Ohio State redshirt freshman running back Master Teague III (33) runs the ball in the first half of the Fiesta Bowl against Clemson on Dec. 28. Ohio State lost 29-23. Credit: Casey Cascaldo | Managing Editor for Multimedia

The plight of the backup running back position at Ohio State took something of a parabolic arc this season.

Throughout fall camp, head coach Ryan Day challenged someone to step up and become the player who could give junior star J.K. Dobbins a rest in a potentially crucial situation.

Ohio State found its man in redshirt freshman Master Teague, who, without even a mention from position coach Tony Alford about having the backup spot just a week before the Buckeyes’ opening game, racked up a Big Ten seventh-best 789 yards on the ground.

Entering the College Football Playoff semifinal, Teague was beginning to gear up for the new role of Buckeye starter come 2020.

“It’s starting to hit me a little bit,” Teague said. “It’s getting close to that time, so I just want to be ready, do all I can just to help the team any way I can.”


Ohio State junior running back J.K. Dobbins (2) scores a touchdown in the first half of the Fiesta Bowl against Clemson on Dec. 28. Ohio State lost 29-23. Credit: Casey Cascaldo | Managing Editor for Multimedia

But when his most important reps of the season came after Dobbins limped back to the locker room following an ankle injury in the Fiesta Bowl, Teague couldn’t produce. He ran for just 9 yards on seven carries against Clemson.

Still, Teague appears the frontrunner to replace a man who set the all-time single-season rushing mark at Ohio State, even if the program is losing more than it gains.

“J.K. does a great job of leading him. Even at practice, he’s always on him, making sure he’s doing stuff right, so next year, there’s no doubt in my mind he’s gonna be ready,” redshirt sophomore offensive guard Wyatt Davis said.

With an injury that kept him from practicing in fall camp, Teague seemed to possess the same, if not worse, prospects to capture the backup job as redshirt junior DeMario McCall and freshmen Marcus Crowley and Steele Chambers.

But after running for 7.4 yards per carry in the season’s opening three games including a 106-yard performance against Indiana, Teague quickly found solid footing.

Teague had 100-plus total yards three times and rushed for at least 75 on six occasions to go along with four trips to the end zone.

“He just runs hard, man. He’s a hard runner, puts his nose down, and take a couple guys with him,” Davis said. “I would definitely say he probably surpassed everybody’s expectation.”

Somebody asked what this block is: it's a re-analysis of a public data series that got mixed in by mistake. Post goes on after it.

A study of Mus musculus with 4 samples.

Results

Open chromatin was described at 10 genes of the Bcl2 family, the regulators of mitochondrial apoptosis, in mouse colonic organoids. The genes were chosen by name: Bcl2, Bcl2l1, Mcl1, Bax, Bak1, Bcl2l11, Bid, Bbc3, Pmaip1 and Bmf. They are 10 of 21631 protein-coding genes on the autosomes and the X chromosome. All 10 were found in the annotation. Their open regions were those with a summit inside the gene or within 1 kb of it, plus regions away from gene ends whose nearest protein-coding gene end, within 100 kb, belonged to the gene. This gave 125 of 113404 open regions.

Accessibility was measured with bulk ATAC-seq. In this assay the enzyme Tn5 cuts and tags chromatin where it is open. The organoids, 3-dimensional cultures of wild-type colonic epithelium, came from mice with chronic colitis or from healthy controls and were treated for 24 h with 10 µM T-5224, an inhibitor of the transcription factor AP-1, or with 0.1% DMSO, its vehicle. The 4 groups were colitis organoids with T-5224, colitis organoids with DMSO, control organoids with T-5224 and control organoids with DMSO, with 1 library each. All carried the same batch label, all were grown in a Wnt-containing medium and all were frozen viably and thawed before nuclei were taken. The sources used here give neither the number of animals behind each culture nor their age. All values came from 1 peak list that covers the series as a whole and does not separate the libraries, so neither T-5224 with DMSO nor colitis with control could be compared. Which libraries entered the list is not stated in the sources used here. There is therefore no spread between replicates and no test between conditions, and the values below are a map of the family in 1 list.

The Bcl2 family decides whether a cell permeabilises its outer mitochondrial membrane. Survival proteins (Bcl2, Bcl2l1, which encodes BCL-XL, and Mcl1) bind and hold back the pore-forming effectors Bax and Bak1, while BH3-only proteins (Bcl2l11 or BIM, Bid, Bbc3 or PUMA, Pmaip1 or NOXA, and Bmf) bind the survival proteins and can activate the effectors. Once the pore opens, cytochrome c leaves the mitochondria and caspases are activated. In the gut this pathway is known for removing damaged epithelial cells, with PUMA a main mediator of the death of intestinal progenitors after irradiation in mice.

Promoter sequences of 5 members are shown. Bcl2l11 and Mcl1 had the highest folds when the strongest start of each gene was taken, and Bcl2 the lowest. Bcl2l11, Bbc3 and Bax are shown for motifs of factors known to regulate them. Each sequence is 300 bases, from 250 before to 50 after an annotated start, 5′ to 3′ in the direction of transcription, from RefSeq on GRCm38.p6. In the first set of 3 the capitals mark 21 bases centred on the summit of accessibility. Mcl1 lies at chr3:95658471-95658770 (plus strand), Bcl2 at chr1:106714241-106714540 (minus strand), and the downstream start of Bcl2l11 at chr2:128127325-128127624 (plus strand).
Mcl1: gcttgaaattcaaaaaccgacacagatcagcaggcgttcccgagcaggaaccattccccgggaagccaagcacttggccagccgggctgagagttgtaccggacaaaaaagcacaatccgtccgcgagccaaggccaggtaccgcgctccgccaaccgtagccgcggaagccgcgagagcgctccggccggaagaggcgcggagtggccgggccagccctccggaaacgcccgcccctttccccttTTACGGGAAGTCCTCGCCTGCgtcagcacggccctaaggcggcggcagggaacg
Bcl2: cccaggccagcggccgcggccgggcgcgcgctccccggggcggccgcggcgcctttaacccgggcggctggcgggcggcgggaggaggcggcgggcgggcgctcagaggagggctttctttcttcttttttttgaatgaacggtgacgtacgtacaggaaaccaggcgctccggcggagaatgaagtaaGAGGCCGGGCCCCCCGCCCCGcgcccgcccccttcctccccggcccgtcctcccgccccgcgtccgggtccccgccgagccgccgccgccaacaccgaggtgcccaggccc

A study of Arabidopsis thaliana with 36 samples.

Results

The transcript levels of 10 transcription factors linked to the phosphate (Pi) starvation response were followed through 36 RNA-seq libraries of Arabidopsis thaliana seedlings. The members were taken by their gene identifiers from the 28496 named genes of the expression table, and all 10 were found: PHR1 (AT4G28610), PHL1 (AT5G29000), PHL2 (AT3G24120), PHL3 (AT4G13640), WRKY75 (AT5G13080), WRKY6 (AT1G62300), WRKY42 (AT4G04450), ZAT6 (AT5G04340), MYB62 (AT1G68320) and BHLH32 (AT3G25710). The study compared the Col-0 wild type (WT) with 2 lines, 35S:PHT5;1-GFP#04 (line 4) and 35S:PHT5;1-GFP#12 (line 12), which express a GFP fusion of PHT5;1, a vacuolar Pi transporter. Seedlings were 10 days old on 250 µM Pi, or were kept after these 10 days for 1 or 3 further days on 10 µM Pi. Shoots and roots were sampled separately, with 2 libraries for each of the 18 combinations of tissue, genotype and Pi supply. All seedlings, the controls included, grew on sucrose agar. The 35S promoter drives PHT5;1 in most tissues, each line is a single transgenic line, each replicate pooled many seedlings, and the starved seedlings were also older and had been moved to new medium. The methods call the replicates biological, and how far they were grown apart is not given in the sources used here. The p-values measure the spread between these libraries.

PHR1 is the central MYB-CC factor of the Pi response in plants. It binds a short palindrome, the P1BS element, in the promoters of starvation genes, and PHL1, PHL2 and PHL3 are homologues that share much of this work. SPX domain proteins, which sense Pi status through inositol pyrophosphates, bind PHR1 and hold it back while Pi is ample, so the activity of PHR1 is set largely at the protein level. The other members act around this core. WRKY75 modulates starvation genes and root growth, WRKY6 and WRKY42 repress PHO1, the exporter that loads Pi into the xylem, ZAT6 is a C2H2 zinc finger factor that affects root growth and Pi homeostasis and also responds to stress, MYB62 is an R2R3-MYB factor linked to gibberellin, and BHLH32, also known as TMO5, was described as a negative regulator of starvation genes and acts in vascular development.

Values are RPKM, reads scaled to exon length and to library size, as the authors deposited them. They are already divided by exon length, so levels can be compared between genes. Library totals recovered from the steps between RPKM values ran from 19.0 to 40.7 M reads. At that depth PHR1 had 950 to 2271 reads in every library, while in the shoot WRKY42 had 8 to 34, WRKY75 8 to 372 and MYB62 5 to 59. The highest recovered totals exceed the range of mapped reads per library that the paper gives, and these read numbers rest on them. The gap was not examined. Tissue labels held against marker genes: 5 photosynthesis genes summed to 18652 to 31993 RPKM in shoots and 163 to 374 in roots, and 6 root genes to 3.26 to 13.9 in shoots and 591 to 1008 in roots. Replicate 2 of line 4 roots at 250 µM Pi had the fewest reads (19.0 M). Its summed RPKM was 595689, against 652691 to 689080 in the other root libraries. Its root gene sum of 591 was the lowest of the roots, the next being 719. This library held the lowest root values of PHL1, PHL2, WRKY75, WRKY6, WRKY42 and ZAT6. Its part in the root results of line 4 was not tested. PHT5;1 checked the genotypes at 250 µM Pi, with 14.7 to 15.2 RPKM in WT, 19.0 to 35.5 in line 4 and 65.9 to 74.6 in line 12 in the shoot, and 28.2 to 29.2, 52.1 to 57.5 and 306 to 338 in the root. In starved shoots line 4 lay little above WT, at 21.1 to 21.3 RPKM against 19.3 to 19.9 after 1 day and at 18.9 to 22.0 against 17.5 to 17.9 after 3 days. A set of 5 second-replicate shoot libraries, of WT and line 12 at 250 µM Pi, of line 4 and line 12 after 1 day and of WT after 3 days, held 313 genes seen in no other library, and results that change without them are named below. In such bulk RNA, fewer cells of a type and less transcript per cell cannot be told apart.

For a man who had no hard time running over opposing defenders for most of the season, Teague faced challenges gaining traction during the final stretch of the Buckeyes’ season.

In the final three games when Teague took a handoff –– Penn State, Michigan and Clemson –– the Tennessee native had his worst games of the year, running for barely more than 2 yards per carry to gain just 45 yards on 21 attempts.

With Teague’s Clemson performance particularly worrisome, the Buckeyes may see more of a run-by-committee approach out of the backfield in 2020.


Ohio State freshman running back Marcus Crowley (23) runs the ball in for a touchdown during the second half of the game against Miami (Ohio) on Sept. 21. Ohio State won 76-5. Credit: Amal Saeed | Photo Editor

With McCall not showing signs of improvement, Crowley established himself as the next most productive back for the Buckeyes this season, averaging 9.5 yards per carry on 25 attempts.

However, an injury against Maryland ended Crowley’s season early, which could mean a leg up for Chambers to get a head of steam for the backup job this offseason.

“Master, he’s definitely a guy that works hard. He really worked hard in the offseason, so if I take that same mentality, I think I can do the same thing,” Chambers said.

Both Chambers and Crowley entered as four-star prospects, and they’ll have a season of experience in the program before three-star Cincinnati native Miyan Williams arrives on the scene as the Buckeyes’ lone running back recruit in their 2020 class.

For a team that ran the ball nearly 20 more times a game than it passed this year, Ohio State may be facing more of a question mark at the running back position than it did before Dobbins joined the program.

If the team hopes to have similar success running the ball, its backs must all adopt the philosophy that Teague echoed all season long.

“I just wanted to be there because if you get in, you gotta be prepared, no matter if you’re warm or not,” Teague said. “You gotta get in there and make plays and help prepare for excellence.”